Separation of Powers ~ Constitution

Based on their experience, the framers shied away from giving any branch of the new government too much power.

The separation of powers provides a system of shared power known as Checks and Balances.

Three branches are created in the Constitution.

The United States Constitution is deliberately inefficient.

The Separation of Powers devised by the framers of the Constitution was designed to do one primary thing: to prevent the majority from ruling with an iron fist. Based on their experience, the framers shied away from giving any branch of the new government too much power. The separation of powers provides a system of shared power known as Checks and Balances.

Three branches are created in the Constitution. The Legislative, composed of the House and Senate, is set up in Article 1. The Executive, composed of the President, Vice-President, and the Departments, is set up in Article 2. The Judicial, composed of the federal courts and the Supreme Court, is set up in Article 3.

Each of these branches has certain powers, and each of these powers is limited, or checked, by another branch.

For example, the President appoints judges and departmental secretaries. But these appointments must be approved by the Senate. The Congress can pass a law, but the President can veto it. The Supreme Court can rule a law to be unconstitutional, but the Congress, with the States, can amend the Constitution.

All of these checks and balances, however, are inefficient. But that’s by design rather than by accident. By forcing the various branches to be accountable to the others, no one branch can usurp enough power to become dominant.

The following are the powers of the Executive: veto power over all bills; appointment of judges and other officials; makes treaties; ensures all laws are carried out; commander in chief of the military; pardon power. The checks can be found on the Checks and Balances Page.

The following are the powers of the Legislature: Passes all federal laws; establishes all lower federal courts; can override a Presidential veto; can impeach the President. The checks can be found on the Checks and Balances Page.

The following are the powers of the Judiciary: the power to try federal cases and interpret the laws of the nation in those cases; the power to declare any law or executive act unconstitutional. The checks can be found on the Checks and Balances Page.

Historical Examples

Historically, the concept of Separation of Powers dates back as far as ancient Greece. The concepts were refined by contemporaries of the Framers, and those refinements influenced the establishment of the three branches in the Constitution.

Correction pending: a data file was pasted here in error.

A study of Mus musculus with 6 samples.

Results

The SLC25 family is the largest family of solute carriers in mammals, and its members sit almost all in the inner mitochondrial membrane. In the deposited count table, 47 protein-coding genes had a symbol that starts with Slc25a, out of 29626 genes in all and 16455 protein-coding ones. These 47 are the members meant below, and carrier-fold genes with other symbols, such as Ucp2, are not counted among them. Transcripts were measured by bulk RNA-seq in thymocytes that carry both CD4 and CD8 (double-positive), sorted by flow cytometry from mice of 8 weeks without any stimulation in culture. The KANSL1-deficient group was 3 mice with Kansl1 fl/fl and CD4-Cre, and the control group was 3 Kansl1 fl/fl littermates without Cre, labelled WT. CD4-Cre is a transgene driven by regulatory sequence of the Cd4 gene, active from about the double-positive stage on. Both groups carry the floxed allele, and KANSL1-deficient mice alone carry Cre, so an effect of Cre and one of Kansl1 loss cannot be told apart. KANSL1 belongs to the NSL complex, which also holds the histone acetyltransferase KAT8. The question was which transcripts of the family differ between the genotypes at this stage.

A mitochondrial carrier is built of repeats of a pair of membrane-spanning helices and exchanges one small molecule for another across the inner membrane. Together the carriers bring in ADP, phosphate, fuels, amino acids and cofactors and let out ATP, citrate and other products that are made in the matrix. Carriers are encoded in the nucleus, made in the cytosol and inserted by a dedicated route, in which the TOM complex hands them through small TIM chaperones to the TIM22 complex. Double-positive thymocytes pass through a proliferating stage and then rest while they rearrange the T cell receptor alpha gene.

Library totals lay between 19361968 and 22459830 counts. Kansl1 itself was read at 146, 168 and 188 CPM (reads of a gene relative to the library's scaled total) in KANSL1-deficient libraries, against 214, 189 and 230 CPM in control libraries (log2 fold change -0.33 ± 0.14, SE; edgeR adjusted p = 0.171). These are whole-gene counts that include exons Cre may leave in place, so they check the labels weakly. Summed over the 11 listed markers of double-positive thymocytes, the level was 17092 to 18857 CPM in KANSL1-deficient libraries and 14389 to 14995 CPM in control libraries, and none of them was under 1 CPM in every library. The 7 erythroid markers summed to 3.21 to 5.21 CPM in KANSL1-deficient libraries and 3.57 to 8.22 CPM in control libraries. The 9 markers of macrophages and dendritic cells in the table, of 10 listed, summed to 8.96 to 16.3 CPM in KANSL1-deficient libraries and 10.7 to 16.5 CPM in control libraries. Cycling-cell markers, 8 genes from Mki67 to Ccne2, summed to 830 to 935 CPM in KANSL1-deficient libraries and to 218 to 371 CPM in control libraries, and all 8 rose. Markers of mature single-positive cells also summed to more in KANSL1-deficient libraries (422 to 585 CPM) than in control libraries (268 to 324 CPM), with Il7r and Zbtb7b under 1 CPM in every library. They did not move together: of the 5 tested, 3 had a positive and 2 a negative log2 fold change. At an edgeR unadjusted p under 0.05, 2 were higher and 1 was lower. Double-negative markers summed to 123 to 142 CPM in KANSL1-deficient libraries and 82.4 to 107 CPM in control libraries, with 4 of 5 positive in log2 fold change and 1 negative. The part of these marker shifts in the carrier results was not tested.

Aristotle favored a mixed government composed of monarchy, aristocracy, and democracy, seeing none as ideal, but a mix of the three useful by combining the best aspects of each. In his 1656 Oceana, James Harrington brought these ideas up-to-date and proposed systems based on the separation of power. John Locke, in his 1690 Civil Government, second treatise, separated the powers into an executive and a legislature. Montesquieu’s 1748 Spirit of the Laws expanded on Locke, adding a judiciary. The framers of the Constitution took all of these ideas and converted the theories into practical applications.

When discussing Separation of Power, is it helpful to contrast the American System to the governments of other nations. This list below is far from a representative sample of nations or systems. The United States, Britain, France, Canada, and Mexico are actually more similar than they are different, especially when the whole range of nations is taken into account. However, sometimes the smaller differences between similar systems can be interesting and illustrative. It is left to the reader to conduct studies of more disparate systems.


Is the American system superior to any of these, or to any other, system of government? That depends on where you sit. The French and the British might scoff at the fact that our head of state, the President, has no power to make laws. They might cringe at the thought that judges can render the will of the people, in the form of a duly passed law, null and void. Canadians might think that state powers ought to be enumerated; Mexicans might marvel at the longevity of some career American politicians.

Americans might look with amusement at the institution of the British monarchy, and its continued hold, if only on paper, on Canada. Americans might cringe at the British thought of majority rule with no written constitution to be used as a guide or rule book. We might worry that the French Presidency has the potential to turn tyrannical by the misuse of emergency powers. We might worry that a Mexican judiciary, without lifetime tenure or a solid stare decisis system might lead to incoherent judicial policy.

But recall that each of these nations, and the hundred others in this world, have political and social traditions that sometimes date back a thousand years. Despite what Americans might think are odd institutions and traditions in France, Britain, Canada, Mexico, and elsewhere, these are all prosperous nations. The systems work in the context of each nation, even if the details could not work in some others.

Primary sources for this topic page are Comparative Politics by Gregory Mahler (Schenkman Publishing, 1983) and Comparative Politics by Gregory Mahler (Prentice Hall, 2000). Individual pages from Wikipedia and Canada in the Making were also helpful in keeping this page up to date.